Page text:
Netflix’s ‘The Defenders’ Challenges The Powers Of Team-Ups [Review]
From Iron Fist’s white privilege being attacked to the mysterious Sigourney Weaver plotting something — we preview the first four episodes of Netflix’s The Defenders.
The Defenders—Netflix’s series of street-level Marvel superheroes—finally comes out swinging this Friday after years of buildup, and expectations riding high are a given. The real question is, whose expectations? There are geeks (hand raised!) sweating the minutiae: will the show end with a Luke Cage/Iron Fist heroes-for-hire partnership, and will Misty Knight get it on with Iron Fist, and do Colleen Wing and Misty partner up, and does Jessica Jones hook up again with Luke, etc.? Those disappointed in Iron Fist (the most recent series of the Netflix Marvel Universe) wonder if that annoyingly earnest character gets any better. Fans of Luke Cage, Jessica Jones and both seasons of Daredevil have chemistry concerns, questioning if they’ll all mesh together as well as The Avengers over in the Marvel Cinematic Universe.
Answering any of the above (based on four episodes previewed for media) without any true spoilers is tricky. A safer question to start with might be, what brings the quartet together? Sigourney Weaver comes aboard as the villainess Alexandra, head of the shady Midland Circle corporation. The Hand are involved, though nowhere actually to be seen in the first half of The Defenders’ eight episode arc. There’s a sinister real estate grab afoot in Hell’s Kitchen. And Elektra returns. If all that leaves a lot to the imagination, that’s because—even leading into episode five—the plot isn’t neatly laid out enough to diagram. Whether that’s good or bad remains to be seen Friday.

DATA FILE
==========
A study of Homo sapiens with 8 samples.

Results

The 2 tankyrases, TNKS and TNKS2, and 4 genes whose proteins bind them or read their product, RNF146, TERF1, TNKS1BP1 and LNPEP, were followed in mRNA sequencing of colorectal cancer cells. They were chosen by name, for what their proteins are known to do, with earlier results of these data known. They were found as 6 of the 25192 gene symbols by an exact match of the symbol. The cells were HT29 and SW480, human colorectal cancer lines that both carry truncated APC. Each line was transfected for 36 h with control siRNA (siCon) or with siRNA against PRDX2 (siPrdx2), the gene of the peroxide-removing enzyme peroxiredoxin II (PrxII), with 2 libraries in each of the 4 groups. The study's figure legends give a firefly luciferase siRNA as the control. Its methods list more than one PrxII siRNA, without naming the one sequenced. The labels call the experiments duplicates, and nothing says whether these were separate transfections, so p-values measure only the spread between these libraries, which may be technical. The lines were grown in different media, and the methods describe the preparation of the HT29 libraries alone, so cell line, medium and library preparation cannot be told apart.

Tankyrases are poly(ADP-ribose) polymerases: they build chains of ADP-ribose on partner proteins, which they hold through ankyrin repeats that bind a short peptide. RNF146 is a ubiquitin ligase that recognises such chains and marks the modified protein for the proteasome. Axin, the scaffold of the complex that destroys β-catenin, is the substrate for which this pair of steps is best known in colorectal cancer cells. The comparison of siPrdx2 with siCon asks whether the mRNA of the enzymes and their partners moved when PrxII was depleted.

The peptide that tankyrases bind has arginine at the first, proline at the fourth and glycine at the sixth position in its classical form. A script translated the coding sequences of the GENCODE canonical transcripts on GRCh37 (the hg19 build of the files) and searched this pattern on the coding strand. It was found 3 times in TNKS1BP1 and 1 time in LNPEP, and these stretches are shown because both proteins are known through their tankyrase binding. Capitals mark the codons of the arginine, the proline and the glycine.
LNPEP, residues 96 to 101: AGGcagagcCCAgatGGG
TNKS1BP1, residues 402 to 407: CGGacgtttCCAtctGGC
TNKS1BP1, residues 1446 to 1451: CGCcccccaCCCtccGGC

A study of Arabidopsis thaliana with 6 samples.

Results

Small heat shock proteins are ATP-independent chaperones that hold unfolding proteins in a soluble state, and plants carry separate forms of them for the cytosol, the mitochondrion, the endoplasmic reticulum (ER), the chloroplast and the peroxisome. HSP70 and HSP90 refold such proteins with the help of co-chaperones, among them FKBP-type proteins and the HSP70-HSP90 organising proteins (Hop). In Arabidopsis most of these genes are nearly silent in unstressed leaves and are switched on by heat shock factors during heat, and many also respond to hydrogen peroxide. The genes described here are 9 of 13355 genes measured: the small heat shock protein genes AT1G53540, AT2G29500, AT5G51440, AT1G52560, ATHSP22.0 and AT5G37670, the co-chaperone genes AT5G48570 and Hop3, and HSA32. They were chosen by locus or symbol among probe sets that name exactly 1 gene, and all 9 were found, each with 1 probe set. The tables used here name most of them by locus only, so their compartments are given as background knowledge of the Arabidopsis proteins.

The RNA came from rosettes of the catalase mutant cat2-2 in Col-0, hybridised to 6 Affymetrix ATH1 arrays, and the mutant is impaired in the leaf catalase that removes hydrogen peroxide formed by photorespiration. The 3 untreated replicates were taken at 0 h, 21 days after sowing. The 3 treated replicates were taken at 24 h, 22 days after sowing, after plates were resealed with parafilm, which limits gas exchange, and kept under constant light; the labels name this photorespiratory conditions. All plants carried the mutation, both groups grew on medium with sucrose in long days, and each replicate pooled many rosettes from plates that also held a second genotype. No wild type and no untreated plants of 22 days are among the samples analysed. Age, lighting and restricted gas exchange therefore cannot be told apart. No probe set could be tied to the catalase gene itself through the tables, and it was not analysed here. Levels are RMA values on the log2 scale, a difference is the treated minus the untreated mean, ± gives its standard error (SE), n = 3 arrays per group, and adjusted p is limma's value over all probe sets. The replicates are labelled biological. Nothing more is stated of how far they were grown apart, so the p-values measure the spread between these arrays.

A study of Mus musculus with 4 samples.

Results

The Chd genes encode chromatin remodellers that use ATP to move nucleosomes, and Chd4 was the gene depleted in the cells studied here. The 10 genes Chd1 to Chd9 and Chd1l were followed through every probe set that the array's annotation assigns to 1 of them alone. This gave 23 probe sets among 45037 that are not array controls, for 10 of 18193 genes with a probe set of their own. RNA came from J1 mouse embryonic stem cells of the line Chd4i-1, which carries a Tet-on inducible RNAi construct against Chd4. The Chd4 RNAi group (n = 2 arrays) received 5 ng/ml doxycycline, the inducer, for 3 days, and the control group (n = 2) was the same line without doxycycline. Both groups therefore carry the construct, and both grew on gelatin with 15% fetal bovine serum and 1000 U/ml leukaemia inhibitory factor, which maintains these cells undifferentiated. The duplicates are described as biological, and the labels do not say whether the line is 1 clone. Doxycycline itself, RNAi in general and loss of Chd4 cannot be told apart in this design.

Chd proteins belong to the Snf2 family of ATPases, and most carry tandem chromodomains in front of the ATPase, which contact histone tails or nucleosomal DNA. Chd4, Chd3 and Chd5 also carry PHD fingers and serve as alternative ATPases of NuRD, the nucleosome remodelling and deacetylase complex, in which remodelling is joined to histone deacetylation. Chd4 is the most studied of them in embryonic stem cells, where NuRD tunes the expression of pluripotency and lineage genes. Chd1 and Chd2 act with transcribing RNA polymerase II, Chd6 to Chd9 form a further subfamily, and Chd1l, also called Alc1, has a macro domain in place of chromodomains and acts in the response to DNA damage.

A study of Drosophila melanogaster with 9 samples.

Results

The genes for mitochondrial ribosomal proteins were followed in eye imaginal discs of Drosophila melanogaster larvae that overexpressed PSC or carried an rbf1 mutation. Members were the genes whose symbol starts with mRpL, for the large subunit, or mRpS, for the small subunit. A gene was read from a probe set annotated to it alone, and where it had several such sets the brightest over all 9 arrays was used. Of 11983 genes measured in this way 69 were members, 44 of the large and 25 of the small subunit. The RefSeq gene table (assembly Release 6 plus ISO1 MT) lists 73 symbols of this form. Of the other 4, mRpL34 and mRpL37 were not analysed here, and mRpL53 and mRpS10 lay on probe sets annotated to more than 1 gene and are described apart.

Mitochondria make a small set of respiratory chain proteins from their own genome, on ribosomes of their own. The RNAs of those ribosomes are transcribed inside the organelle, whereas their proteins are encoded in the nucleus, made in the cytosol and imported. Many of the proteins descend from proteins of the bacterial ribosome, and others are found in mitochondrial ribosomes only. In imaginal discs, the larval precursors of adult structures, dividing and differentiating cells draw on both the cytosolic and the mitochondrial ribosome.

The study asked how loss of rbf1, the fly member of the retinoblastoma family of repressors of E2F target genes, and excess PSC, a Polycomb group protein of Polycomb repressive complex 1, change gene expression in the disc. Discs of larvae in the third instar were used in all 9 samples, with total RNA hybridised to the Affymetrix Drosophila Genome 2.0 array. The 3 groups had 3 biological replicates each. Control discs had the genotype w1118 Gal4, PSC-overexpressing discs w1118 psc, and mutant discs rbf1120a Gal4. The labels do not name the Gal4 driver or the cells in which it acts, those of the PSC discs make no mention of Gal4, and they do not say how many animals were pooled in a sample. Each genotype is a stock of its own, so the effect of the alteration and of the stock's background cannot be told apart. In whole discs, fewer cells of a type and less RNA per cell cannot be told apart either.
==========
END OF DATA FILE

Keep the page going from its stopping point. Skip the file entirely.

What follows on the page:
The most pleasant surprise is the charge of white privilege leveled at billionaire Danny Rand (a.k.a. Iron Fist) from Harlem superman Luke Cage which flips his whole approach at taking down the enemy. In the comic source material, these two go down with Django Unchained, Men in Black, Lethal Weapon and Miami Vice as one of the tightest black-white bromances in pop culture, so we all expect things to end up there eventually on The Defenders. We should all also be used to the trope demanding that heroes butt heads before bonding. But Cage (fresh out of jail) ideologically taking Rand down a peg, challenging him to confront his naïve white, male affluence in the larger picture of what’s unfolding, is golden.
Back in the four-color comics of 1971, putting your finger on the raison d’être of the Defenders wasn’t easy when they debuted in Marvel Feature #1. The motley crew consisted of heroes who’ve made it to Hollywood since (Doctor Strange, the Hulk, the Silver Surfer, Thor: Ragnarok’s Valkyrie) and others who haven’t (Namor, Nighthawk). By no means the Avengers, the Defenders seemed made up of castaways who never had much business being grouped together. (If the X-Men were organic like Wu-Tang Clan, the Defenders felt forced like Gravediggaz.) Netflix recast the group as more underground heroes of the people, protecting Harlem and Hell’s Kitchen instead of planet Earth per se, and so far it works.
Remixing concepts from the House of Ideas (a.k.a. Marvel Comics), Netflix has barely scratched the surface. The Defenders supporting character Patsy Walker (late of Jessica Jones) was a card-carrying heroine in The Defenders comic of the 1980s:Hellcat. Will Patsy ever slip on the spandex? The soap opera slant to all this comic nerdery is clear, don’t remind me, but Luke Cage and Jessica Jones eventually end up together with a baby girl. Will they at least walk down the aisle in, like, season five? So many unanswered questions. For now, feast on The Defenders at the stroke of midnight Friday and satisfy your own checklist of Q’s.
Miles Marshall Lewis is a popular cultural critic and author. Follow him (and us!) on social media @MMLunlimited.